The Guardian’s Luke Harding writes, “spare a thought, meanwhile, for Crimea's Tatars. They are the peninsula's original Turkic-speaking Muslim inhabitants. Well-educated and politically organised, they now number 300,000, 15% of Crimea's population. They want to remain part of Ukraine.”
Indeed, Crimea’s Tatar population, whcih has primarily supported the anti-Yanukovych protest movement and opposed Russian nationalists in its own region, is feeling understandably worried. After clashes between Tatar groups and pro-Russian protesters that left two people dead and dozens injured, community leaders have urged Tatars to stay at home following today’s events.
Tatars are certainly have a grim history of being scapegoated. In 1944, after Soviet forces regained control of Crimea and two and a half years of German occupation, Joseph Stalin ordered that the entire population be deported under the pretense that they had collaborated with the Nazis. (It was a false accusation: Quite a few Tatars had fought in the Soviet army.)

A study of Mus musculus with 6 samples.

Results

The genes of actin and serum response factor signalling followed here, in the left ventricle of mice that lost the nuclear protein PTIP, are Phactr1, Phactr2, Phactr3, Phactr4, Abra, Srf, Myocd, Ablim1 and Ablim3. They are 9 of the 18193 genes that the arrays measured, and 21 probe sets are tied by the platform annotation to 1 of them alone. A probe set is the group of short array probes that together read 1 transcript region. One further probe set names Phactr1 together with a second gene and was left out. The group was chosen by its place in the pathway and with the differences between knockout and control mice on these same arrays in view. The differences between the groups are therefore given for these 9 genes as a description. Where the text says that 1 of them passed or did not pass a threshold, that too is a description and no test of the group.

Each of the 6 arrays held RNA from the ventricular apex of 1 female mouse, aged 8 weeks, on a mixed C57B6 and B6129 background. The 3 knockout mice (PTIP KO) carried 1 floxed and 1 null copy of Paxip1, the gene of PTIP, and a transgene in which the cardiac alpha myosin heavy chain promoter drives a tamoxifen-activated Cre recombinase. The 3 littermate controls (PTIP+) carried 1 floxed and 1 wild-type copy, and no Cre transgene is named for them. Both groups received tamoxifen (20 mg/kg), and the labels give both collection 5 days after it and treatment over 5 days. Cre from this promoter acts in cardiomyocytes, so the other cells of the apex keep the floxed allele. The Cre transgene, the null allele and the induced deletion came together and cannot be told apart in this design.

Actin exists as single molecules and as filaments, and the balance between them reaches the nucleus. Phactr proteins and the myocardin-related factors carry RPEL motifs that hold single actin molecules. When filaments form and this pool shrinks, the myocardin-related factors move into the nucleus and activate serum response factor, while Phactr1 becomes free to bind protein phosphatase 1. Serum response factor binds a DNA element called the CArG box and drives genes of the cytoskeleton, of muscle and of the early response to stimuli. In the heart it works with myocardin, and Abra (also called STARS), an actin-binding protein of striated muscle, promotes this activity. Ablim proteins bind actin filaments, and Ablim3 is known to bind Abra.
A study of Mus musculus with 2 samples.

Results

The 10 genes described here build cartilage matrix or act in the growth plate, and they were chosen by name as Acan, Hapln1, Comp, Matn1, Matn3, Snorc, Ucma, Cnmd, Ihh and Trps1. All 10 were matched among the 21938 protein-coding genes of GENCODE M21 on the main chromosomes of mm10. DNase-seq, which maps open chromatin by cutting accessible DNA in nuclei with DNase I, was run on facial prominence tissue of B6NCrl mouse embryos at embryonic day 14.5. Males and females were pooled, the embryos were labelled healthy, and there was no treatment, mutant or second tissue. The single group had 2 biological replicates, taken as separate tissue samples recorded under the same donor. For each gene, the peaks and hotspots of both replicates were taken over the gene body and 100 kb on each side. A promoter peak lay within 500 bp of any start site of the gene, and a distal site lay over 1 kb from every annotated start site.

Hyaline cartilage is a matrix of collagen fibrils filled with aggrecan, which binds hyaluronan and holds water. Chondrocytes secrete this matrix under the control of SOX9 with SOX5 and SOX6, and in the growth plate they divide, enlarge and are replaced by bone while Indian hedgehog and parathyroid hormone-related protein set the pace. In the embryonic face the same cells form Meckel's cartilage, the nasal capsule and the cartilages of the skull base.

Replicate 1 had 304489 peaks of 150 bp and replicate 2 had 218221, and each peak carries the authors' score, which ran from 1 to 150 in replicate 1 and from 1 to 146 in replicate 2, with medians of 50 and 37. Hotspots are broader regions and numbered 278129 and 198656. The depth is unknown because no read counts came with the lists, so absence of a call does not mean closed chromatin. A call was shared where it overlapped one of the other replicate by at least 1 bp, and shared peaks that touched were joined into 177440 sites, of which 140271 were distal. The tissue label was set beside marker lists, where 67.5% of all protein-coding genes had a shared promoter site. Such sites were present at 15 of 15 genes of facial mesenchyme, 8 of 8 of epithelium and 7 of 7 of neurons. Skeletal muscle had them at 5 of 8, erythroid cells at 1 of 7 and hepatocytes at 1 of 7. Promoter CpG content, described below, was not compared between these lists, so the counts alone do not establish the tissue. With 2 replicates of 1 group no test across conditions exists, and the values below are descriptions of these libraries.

Officers from the NKVD, predecessor to the KGB, went from home to home ordering Tatars onto cattle trains. More than 180,000 people were deported, most of them to Uzbekistan. Many died on the trains, many more in their new homes, where they found a harsh climate, and local inhabitants unprepared and unenthusiastic about supporting the new arrivals. About 46 percent of the exiles died.
In 1953, after Stalin’s death, the charge of mass collaboration was withdrawn from the Tatars(though the accusation is still periodically made today), but they were not allowed to return home until the late 1980s. Tatars argue that the deportation should be considered genocide. Though generally pro-Ukrainian in their politics, they have pressed Kiev to do more to help them recover their land and property and called on Europe to make the recognition of Tatar rights a condition of EU membership.
Now, of course, their problems seem to have multiplied dramatically.